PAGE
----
Friday, April 1, 2016

The Age of Reinvention by Karine Tuil

I have very mixed feelings about this book.  I found the story itself really interesting.  Sam Tahar is a very successful New York litigator who seems to have it all - great job, rich wife with connections into all aspects of society, plenty of affairs...  The only problem is it is all based on a lie.  Sam is really Samir Tahar - raised a poor Muslim in a Paris slum.  He works hard and does well in law school but when he is unable to get a job, he changes the name on his resume to Sam and is immediately hired by a Jewish lawyer in Paris who assumes he is also Jewish.

Sam lets the assumption continue and, when he is asked to move to New York and open an office there, he carries it further.  He adopts the past of a law school friend, Samuel Baron, who really is Jewish and manages to marry into one of New York's elite Jewish families.

The only thing Samir was unable to take from Samuel was the woman he most wanted, Nina.  Samir and Nina have a brief affair during law school (while Samuel is off burying his parents which tells you a lot about Samir's empathy).  When Samuel returns he is devastated and attempts suicide so Nina chooses him over Samir.  At the start of the book they are barely getting by.  Everything changes when they read about Samir and realize what he has done.  They decide to contact him - Samuel wants to test Nina's resolve.  This ends up having disastrous consequences for all three.  But, surprisingly, though Samir lets his guard down in order to be with Nina, she is not the ultimate cause of his downfall - but I don't want to give the book away so I will not describe the events that lead to his life unravelling (and Samuel's simultaneous rise in fortunes).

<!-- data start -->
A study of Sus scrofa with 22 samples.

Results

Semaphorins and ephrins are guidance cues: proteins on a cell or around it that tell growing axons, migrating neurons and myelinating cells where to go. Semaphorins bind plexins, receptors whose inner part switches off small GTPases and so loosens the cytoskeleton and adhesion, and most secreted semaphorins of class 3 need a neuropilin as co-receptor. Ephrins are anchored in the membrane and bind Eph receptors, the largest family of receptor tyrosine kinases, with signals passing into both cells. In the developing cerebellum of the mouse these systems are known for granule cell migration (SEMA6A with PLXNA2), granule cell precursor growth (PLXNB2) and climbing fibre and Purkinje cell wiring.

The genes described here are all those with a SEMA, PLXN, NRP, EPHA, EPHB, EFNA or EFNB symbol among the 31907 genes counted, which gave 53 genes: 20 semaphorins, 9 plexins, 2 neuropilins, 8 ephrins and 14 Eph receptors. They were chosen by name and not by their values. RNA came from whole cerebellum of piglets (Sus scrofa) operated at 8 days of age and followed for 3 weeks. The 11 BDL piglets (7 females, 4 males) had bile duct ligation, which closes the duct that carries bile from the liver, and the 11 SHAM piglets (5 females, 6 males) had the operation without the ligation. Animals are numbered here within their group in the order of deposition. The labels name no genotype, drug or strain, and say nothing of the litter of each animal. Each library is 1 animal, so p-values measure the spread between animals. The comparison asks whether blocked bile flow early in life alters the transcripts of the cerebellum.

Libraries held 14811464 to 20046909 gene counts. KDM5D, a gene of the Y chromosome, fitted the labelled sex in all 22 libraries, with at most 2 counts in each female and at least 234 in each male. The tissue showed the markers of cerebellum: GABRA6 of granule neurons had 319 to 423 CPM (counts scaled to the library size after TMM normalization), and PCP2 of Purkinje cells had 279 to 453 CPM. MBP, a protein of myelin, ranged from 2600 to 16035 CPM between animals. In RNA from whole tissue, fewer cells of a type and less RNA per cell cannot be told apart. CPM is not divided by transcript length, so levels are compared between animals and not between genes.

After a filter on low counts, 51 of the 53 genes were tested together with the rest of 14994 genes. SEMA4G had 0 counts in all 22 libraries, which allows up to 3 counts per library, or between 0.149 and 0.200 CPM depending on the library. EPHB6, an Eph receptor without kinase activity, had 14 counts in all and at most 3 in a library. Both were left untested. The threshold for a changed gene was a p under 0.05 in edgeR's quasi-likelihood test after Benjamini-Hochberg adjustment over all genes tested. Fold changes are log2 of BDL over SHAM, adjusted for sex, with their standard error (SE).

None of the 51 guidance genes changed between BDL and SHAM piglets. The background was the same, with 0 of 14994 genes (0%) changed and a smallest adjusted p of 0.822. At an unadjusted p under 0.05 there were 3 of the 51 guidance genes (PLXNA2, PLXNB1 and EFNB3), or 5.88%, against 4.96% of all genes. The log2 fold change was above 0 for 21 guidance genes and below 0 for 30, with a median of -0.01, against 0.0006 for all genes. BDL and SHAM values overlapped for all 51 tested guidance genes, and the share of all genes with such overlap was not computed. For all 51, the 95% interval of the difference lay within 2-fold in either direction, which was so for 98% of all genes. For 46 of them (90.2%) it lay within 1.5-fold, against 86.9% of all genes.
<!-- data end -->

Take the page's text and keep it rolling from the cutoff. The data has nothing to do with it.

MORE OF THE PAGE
What I didn't like about the book was the writing style.  I found it very pompous - one of my pet peeves is footnotes in fiction and these were used liberally.  There were also many passages where alternate thoughts were expressed with back slashes.  I just found it annoying - like the author was attempting to show off her wide vocabulary.  I will give credit to the translator - if the author's annoying pomposity could come through in translation, I think the translator must be top notch.  I don't remember, but I must have heard about this book in the New York Times as it is exactly the kind of writing style the Times always praises; like the book editors must show how smart they are by relating to this "high brow" writing.

In the end I don't strongly recommend this book.  I made it through because I wanted to see how Tahar's life unravelled but I wouldn't say I truly enjoyed the read.